My comments on prepaying vs. investing

Since this has been on my mind about this calculation, I thought I should clarify something. The very premise behind this calculation is actually wrong. The real question isn't whether to invest extra money or pay down your money with extra money, the real question is how much should you spend into each one. I must especially address this since personally, well, I advocate both! You just have to determine the proportion that is best for you.

Many financial planners talk about asset allocation and in reality that is exactly what you are deciding. For example, say you realize that your checkbook balance is actually growing by $100 each month and you want to know what to do with it. Should you pay down your mortgage with it, or invest it in a no-load mutual fund. The answer is both, depending on your "risk-aversion" (another great financial planner term!). If you believe in low risk investments (CD's, money markets, T-bills etc) and are very hesitant about the rocking and rollings of the stock market, your answer will be very different from some single 30 year old who loves to day trade and load up on Internet stocks.

Think of prepaying your mortgage as a guaranteed fixed income investment, because it is (for the lender!). Your interest rate is the investment return your lender is receiving. So it does make a big difference if you are talking about a 6% mortgage or a 10% mortgage. You might say the mortgage interest is actually less because it is tax deductible, but on the same note the yield on a taxable bond fund (for example) is equally lower because its dividends and any capital gains are all taxable too. So a 7.5% mortgage may have a 5% after-tax rate, but a 7.5% dividend paying bond fund would actually only earn you 5% after tax as well.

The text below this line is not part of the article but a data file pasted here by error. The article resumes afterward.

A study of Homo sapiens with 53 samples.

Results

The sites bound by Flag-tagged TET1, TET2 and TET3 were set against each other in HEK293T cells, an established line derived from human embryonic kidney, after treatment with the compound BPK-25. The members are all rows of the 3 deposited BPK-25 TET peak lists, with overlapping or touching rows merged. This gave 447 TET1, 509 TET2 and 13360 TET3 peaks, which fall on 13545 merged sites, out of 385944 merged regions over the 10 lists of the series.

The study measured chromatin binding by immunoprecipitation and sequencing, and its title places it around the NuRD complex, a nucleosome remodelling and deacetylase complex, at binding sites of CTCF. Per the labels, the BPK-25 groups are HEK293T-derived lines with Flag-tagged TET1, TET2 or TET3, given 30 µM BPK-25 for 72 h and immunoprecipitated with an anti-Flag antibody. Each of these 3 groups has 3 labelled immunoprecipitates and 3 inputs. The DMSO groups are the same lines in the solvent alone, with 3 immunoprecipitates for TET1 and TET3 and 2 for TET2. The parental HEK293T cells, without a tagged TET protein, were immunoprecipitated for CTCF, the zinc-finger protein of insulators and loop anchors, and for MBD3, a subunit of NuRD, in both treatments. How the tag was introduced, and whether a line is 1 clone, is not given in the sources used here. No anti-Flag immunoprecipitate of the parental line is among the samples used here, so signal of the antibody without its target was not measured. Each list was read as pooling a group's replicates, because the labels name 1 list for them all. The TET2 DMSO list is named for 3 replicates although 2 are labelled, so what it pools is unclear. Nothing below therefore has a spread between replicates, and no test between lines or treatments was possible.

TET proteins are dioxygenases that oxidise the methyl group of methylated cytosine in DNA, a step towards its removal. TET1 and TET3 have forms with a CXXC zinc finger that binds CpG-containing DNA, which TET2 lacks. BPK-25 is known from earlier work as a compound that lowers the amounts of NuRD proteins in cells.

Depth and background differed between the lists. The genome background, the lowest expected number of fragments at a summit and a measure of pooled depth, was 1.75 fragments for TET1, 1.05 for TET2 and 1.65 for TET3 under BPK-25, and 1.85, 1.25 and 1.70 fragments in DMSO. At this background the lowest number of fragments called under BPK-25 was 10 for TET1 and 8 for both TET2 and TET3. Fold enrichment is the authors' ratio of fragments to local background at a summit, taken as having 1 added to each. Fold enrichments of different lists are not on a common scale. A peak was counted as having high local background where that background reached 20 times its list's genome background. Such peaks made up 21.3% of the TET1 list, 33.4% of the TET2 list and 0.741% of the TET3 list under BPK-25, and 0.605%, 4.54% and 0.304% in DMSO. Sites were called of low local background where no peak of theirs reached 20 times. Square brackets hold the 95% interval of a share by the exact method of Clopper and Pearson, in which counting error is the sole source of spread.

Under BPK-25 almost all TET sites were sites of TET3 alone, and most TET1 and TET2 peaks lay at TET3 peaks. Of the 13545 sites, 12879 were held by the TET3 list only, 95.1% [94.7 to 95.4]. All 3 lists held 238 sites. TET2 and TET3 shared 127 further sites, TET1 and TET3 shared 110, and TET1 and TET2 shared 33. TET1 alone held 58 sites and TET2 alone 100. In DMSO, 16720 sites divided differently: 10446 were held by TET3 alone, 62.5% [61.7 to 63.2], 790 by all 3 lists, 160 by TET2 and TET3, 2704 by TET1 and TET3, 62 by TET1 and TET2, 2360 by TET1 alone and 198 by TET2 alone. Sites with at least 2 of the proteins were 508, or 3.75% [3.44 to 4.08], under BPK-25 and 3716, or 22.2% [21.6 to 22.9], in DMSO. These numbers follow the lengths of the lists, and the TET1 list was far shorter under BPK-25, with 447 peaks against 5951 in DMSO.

So the question becomes how much of each. That is all due to personal taste. More aggressive investors who believe their after tax investments can easily outpace their mortgage interest should put more into stocks, for example 80% into stocks and 20% into fixed income investments, which here is their mortgage paydown. More middle of the road investors, might do a 50/50% split with most of their stock investments being based in mutual funds. And more conservative investors, well, they would probably find the 7-8% rate on a mortgage hard to beat (compared to CD's etc) so they should spend almost all their extra cash flow to pay down their mortgages until they are gone. Plus the feeling of being debt free is something many people would prefer to having thousands of dollars locked in a stock market that might crumble at any day. Others find that boring, just sitting on a big pile of home equity that could be doing something more exciting in this booming market economy.

To each their own. There is no right or wrong answer. That is something you must decide for yourself.

Addendum, July 2009: Prepayment makes even more sense these days with extremely low fixed income returns, an incredibly volatile stock market and unstable home values. It makes even paying down 5% mortgages seem like a reasonable idea. If you lose your job and need to sell your home, you will be glad you had been prepaying. It sure beats having to sell your house for less than your mortgage balance.